Look under the turtle


Developers understand that code reuse necessitates a simple-to-learn interface.  Typically, this leaves us adding another layer of abstraction (aka. “turtle”) to the existing turtle-pile.  This is all wonderful and leaves us feeling warm and fuzzy, except that abstractions are leaky at best.  Usually these new clever interfaces simplify doing whatever you need to do (as long as it is what the API author says you want to do). This means that in order to consume another’s code, I must first learn his or her clever new interface and the interfaces below it.

Recent projects have brought me to the realization that sometimes it’s better to remove a layer of abstraction.  I recently built a solution that involved thermal transfer printing bar codes on pre-printed ticket stock.

The printer uses a proprietary Postscript-like language for creating fields and updating their values throughout the course of a print job.  The printer also came with several half-baked utilities to almost simplify the job of getting it to print what I want, but not quite.  After perusing the developer’s guide, it turned out to be as simple as sending control characters to a parallel port.  I wrote a ‘driver’ in ColdFusion that reads the ticket records from the database and generates a .prn file (just ASCII control codes).  Now I can simply cat the generated file to the fancy printer from any machine that has a parallel port regardless of operating system and without having to install printer drivers.

Albert Einstein is quoted as saying “Things should be made as simple as possible, but no simpler.”  In the example above, I had to learn something new either way—the formatting codes or the libraries that came with the printer.  The libraries failed to simplify the interaction because they did not provide a complete abstraction; I would still have to delve a layer deeper for some of the things I needed.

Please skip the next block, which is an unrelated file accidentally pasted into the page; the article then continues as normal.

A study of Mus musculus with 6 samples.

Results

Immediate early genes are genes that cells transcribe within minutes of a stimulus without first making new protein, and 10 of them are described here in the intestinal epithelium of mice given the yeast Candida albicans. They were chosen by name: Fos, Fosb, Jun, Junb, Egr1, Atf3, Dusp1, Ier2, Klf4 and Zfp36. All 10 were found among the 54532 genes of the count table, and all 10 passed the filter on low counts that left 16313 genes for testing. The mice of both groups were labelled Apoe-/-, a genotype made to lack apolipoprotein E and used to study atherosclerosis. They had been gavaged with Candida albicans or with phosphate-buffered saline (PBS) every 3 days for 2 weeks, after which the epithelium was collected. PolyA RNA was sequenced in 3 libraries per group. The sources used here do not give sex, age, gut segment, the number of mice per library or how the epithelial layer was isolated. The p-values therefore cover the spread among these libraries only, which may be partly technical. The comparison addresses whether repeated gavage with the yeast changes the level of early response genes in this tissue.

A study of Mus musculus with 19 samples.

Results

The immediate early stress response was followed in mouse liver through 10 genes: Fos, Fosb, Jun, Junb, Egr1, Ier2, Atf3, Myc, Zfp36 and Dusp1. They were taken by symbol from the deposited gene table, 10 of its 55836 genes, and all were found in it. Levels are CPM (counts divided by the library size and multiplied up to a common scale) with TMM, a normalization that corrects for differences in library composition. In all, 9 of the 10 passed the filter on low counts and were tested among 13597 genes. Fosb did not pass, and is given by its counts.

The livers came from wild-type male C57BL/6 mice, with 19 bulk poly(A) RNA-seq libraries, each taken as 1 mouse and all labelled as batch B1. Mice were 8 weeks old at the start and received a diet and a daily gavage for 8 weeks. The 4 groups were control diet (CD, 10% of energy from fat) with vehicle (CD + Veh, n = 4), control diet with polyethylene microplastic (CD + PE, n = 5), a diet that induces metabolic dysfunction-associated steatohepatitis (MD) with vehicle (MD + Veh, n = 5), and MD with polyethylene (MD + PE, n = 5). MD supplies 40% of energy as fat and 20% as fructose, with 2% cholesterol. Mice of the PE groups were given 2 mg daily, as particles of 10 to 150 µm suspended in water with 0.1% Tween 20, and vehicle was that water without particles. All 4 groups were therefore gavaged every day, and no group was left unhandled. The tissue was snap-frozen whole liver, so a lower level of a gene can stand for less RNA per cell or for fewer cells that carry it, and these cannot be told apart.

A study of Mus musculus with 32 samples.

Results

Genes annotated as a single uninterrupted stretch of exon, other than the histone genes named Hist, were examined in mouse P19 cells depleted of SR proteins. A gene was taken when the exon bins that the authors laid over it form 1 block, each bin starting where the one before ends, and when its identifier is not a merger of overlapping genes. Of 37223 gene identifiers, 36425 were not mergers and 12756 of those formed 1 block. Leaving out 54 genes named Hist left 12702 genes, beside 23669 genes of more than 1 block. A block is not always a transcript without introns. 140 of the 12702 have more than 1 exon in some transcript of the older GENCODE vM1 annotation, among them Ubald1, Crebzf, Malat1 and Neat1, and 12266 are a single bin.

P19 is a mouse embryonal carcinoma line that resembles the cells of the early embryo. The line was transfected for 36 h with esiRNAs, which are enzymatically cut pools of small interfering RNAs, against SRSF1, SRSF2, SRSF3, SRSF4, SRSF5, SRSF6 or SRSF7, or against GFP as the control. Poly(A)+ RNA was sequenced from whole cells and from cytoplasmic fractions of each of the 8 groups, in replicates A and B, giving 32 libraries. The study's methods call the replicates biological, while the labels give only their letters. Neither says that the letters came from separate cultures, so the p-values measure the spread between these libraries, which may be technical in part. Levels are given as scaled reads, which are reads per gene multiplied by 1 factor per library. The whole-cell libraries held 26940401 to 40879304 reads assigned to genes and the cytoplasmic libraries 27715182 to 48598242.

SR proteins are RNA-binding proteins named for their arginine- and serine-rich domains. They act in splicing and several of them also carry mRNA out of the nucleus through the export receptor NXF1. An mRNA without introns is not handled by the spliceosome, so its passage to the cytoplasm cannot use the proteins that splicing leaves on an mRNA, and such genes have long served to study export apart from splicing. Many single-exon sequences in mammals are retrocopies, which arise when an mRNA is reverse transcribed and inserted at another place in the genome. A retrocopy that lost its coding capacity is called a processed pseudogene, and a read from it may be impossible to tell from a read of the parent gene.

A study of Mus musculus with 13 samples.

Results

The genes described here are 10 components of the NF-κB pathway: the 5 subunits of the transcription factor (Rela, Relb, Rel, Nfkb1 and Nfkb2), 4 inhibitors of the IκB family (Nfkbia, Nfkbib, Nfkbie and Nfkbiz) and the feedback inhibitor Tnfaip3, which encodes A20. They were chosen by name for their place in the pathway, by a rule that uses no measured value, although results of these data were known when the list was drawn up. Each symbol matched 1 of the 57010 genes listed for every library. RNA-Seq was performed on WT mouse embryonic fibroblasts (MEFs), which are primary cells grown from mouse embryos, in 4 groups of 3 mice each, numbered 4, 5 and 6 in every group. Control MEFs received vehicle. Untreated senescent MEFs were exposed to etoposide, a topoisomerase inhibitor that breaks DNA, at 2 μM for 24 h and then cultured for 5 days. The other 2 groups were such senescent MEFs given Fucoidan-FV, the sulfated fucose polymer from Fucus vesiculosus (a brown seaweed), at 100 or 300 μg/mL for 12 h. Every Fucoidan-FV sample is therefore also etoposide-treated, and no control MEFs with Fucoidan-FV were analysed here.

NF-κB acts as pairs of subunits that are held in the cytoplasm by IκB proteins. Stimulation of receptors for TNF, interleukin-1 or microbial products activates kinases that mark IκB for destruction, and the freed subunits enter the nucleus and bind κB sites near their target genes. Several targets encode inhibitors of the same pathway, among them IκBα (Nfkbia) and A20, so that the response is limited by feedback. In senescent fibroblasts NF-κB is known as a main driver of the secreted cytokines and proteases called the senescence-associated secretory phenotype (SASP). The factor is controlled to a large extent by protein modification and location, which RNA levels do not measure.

Think about the abstractions you provide.  Do they really simplify? Will a user of your API need to delve a layer deeper?  If so, you’ve only created an obstacle.

Let’s be really clever developers; let’s learn the abstractions we already have and create clever documentation for other developers.



  1. Doug Says:

    Great perspective — very true and important. Thank you for writing it!

  2. ben Says:

    I enjoyed this post, even from a non-developer perspective. There are spiritual applications here as well. Good job Jon.

  3. ike Says:

    Your description reminded me of the abstraction-inversion anti-pattern


    I’ve seen similar cases where the design of an API is lacking… or at least seemed to be lacking to me… that used to be the case with VeriSign’s merchant account gateways although I haven’t used them in a while and in that case there wasn’t a simpler alternative like the parallel port.

    I’d actually be rather interested to hear what you think (as abstractions go) of the DataFaucet ORM tools… http://www.datafaucet.com … It’s all documented on the site there.

    It’s got a lot of features already implemented — DDL for creating and dropping tables, gateways for searching, implicit and/or keyword searching, active records, etc.

    Also, not released yet, but I’m working right now on an alternative “persistence service” option that will build db tables from your objects, without your objects needing any information about the ORM, so they’re totally separate. This was something Joe Rinehart mentioned on his blog a couple weeks ago. It’s almost ready for an initial release actually. I’ve done basic testing, just need to build a small sample application for it and write some documentation.

  4. ike Says:

    On another note, whenever I see someone link to Joel’s leaky abstraction article, I always kind of brace myself for the forthcoming “therefore we should all go back to using slide-rules” speech… Nice to see your use of it was not only thoughtful but quite reasonable as well. 🙂

  5. jonwolski Says:

    I hadn’t even considered the notion outside of programming, but I suppose it applies to any collections of ideas. That gives me more to ruminate over.

    I’ll have to give DataFaucet a look. Thanks for the Wiki link, too. I didn’t know the anit-pattern had a name. That certainly aids discussion when it comes up in development.